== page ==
Everyone in the tech world knows Yuri Milner, the Russian billionaire and Facebook investor with a $100 million Silicon Valley mansion. Fewer Americans are are familiar with Leonid Boguslavsky, who ranks right behind Mr. Milner at no. 2 on Forbes list of powerful figures in the Russian tech establishment.
But that may change quickly with the opening of RTP Ventures, the U.S. arm of a
$750 $700 million fund. RTP’s U.S. arm is based in New York and managed by Kirill Sheynkman, a former EIR at Sequoia, venture partner at Greycroft, and a well-established veteran of Silicon Valley. “I’ve lived most of my career in Silicon Valley and that is where I founded my companies, but I fell in love with New York. I’m a city person and this is the best place for me to run this new venture,” Mr Sheynkman told Betabeat by phone.
RTP Ventures has a unique complexion for a VC fund. “Because Leonid is basically the GP and the LP, we didn’t have to form a thesis and go out to pitch investors. This is money he made investing in tech, not coal or oil.”
Mr. Boguslavsky has backed firms like Yandex, the largest search engine in Russia. “Of course people here know Yandex because it is a public company on NASDAQ, but Leonid also backed Ozone, for example, which is the largest online retailer in Russia, kind of like our Amazon,” said Mr. Sheynkman. “He was looking to diversify his investments and to find someone who understood both the Russian and US markets.”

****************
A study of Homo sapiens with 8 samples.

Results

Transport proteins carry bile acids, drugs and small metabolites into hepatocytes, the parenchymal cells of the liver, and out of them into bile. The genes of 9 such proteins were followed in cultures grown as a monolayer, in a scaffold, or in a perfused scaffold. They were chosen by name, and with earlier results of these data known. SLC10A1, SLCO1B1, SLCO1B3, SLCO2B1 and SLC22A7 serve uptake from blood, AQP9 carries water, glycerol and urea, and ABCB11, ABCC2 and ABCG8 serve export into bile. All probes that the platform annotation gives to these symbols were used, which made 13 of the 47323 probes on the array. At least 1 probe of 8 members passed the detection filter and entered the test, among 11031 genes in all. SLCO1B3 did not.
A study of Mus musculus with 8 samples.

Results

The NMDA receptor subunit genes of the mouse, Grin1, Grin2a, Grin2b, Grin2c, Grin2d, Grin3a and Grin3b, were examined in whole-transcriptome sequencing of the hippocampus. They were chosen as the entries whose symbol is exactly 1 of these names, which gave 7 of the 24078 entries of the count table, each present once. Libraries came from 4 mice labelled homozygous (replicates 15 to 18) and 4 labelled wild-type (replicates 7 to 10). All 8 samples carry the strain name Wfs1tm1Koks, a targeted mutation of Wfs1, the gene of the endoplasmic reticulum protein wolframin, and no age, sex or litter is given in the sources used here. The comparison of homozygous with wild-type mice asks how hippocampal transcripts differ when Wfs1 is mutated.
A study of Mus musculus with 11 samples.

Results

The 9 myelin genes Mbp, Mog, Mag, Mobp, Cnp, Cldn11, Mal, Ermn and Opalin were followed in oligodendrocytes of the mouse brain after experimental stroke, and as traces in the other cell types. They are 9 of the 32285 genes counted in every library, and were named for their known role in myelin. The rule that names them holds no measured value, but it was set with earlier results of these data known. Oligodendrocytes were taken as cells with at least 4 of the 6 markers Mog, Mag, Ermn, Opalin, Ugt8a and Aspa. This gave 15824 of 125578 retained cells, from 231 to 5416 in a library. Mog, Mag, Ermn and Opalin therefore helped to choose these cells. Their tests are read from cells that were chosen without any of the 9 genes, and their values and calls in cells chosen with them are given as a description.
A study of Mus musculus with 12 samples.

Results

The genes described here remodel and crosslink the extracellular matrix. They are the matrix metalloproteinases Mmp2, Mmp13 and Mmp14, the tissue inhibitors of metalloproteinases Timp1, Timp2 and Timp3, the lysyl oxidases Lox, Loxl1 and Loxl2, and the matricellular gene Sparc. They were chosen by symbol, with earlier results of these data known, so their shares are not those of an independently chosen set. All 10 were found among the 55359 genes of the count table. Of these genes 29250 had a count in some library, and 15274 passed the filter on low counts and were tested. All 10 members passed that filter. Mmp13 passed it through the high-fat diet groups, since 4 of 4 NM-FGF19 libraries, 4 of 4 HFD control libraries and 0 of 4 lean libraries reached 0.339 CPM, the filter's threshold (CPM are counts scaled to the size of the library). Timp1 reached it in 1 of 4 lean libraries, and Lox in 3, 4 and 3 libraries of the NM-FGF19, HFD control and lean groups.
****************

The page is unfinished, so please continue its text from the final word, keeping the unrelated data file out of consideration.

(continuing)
So far, says Mr. Sheynkman, RST has made two investments, with four or five more planned before the end of the year. These first two fundings were based in Silicon Valley, where Mr. Sheynkman attended Stanford and worked at Oracle. He also founded two companies there, Plumtree Software in the 1990s and Elastra Corporation, where he worked from 2007 to March of 2010.
Mr. Sheynkman considers Roger Ehrenberg a friend, and says what Mr. Ehrenberg has done with IA Ventures is a good model. “You hear people in New York say, ‘Oh, you’ve got big data, you should talk to Roger.” He hopes that RTP will find a similar niche in Silicon Alley. “There are companies here I like. MongoDB brings a smile to my face. Bit.ly on the scientific side or Enterproid. But these are the exceptions you can count on your fingers.”
Nonetheless, while the type of companies he invests in–IT, SaaS and cloud computing–are typically based on the West Coast, some of their biggest customers are right here on Wall Street. “Being in New York helps you to get the perspective of that consumer as well.”
In fact, the lack of hardcore, hi-tech venture in New York might be his biggest opportunity. “In New York I am a strange animal. Most investors here do consumer web, media and advertising. They look for a startup with some traction and customers to invest. I want to find companies whose market won’t exist until five years from now. That is not something you can put into a spreadsheet. It’s taking a big bet on the future of technology.”